With the upcoming prequel Wet Hot American Summer: First Day of Camp releasing on Netflix July 31st, it’s only fitting to review the cult classic that started it all. Wet Hot American Summer is a comedy that plays on youth and the stupidity that surrounds it. The film is set in 1981, when the last day of summer camp has arrived at Camp Firewood. With only hours left in the day, the story follows several characters as they look for love, recognition or a meaningful purpose in the world.
When the film began, my initial thought was that it was poorly made, as repetitive sound effects, terrible acting and unfunny jokes filled the first 10 minutes. But then I realized that the film was actually a spoof. This realization changed my opinion of the film, as it became really enjoyable. There are some downright hilarious moments that’ll bring tears to your eyes, although the comedy begins to fall flat towards the end of the second act. The late 90’s and early 2000’s were the transition period of parodies, where they became less funny and more moronic. Although the humor is stupid at times, the genius writing in the first act saves the film from being a complete mess.
As far as the acting, the cast does an excellent job of convincing the audience that these “teens” are as foolish as they are made out to be. This is thanks to the amazing cast, which includes Paul Rudd, Bradley Cooper, Amy Poehler, Elizabeth Banks, David Hyde Pierce and many more. It’s evident that this film didn’t skyrocket their careers, but it did put them on the map as they have become some of the most working actors in Hollywood. Just about every actor plays an exaggerated version of their typical typecast role, which works for the film.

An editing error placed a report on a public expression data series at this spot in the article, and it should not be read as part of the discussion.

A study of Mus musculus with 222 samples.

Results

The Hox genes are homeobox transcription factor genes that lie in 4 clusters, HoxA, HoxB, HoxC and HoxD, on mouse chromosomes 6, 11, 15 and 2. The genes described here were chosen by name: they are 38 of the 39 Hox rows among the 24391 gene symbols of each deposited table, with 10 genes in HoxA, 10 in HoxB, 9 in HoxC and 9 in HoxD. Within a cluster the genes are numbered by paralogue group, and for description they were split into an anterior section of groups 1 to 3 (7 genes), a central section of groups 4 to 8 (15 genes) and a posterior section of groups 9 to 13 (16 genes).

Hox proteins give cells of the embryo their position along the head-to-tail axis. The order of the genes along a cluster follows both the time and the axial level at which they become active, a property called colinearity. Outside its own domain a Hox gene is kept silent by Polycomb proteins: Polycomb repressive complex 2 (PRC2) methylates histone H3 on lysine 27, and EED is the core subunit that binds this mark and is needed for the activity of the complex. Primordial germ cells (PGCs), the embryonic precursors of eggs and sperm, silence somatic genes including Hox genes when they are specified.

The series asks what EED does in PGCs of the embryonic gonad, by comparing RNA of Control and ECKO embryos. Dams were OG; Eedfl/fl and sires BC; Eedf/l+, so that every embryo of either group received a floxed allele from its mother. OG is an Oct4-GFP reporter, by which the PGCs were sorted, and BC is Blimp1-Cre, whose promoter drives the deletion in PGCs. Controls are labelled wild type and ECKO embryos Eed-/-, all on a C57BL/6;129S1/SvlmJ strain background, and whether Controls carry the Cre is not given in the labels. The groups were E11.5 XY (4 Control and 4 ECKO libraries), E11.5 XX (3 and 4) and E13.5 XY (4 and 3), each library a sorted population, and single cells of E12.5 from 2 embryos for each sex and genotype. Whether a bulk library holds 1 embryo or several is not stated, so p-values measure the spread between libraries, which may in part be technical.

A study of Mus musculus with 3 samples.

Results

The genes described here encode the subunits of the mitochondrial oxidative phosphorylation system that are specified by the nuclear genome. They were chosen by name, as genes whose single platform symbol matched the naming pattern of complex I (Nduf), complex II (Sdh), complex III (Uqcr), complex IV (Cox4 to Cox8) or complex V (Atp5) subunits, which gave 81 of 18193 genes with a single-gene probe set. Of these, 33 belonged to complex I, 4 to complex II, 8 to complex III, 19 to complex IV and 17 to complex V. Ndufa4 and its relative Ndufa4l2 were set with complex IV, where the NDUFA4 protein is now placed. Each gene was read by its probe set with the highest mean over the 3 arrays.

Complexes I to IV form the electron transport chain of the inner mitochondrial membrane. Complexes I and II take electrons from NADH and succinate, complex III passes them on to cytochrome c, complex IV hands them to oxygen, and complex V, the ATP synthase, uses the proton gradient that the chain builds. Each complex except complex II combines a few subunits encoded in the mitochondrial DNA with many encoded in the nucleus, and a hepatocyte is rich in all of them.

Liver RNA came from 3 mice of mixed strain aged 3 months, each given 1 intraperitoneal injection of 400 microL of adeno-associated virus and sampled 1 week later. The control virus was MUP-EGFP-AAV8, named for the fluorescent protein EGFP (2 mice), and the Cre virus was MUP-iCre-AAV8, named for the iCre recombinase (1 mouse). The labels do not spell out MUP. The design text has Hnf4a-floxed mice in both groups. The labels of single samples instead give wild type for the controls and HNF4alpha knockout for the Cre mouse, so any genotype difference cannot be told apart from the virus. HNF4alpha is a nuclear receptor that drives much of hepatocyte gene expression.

The most shocking casting choice of all has to be Christopher Meloni as Gene the chef.Gene, a veteran of the Vietnam War, is on the brink of insanity and thus a constant source of red flags for other counselors. This role is so entertaining because it is the complete opposite to Meloni’s normal line of work. He literally communicates to a talking can of mixed vegetables.
One of my favorite side stories of the film is that of Gaile Von Kleinenstein (Molly Shannon). Going through a divorce, Kleinenstein breaks down during her arts and crafts class to leave her students without a teacher. Rather than being quiet, the kids begin to comfort her as marriage counselors. The child actors did a great job of showing maturity to a crazy woman, which makes it all the more funny.
The ludicrousness of the plot is fun just to think of. It wouldn’t be a surprise if the actors broke character, as some of the scenes are just plain ridiculous. Paul Rudd definitely overacts the bad boy image, but that’s the beauty of it. One would think having several kids die on his watch would be terrible, but Rudd’s couldn’t-care-less attitude produces pure dark bliss. Wet Hot American Summer plays off the cliches of genres such as romantic comedies to spin them around in a way never done before.
If you can get past the overplayed parody elements, you’ll find a film that has dark humor, charm and heart. The film isn’t for everyone, but it is a cult classic to be celebrated for years to come. With almost the entire cast coming back for the Netflix series, many fans are excited as it promises to be true to the original.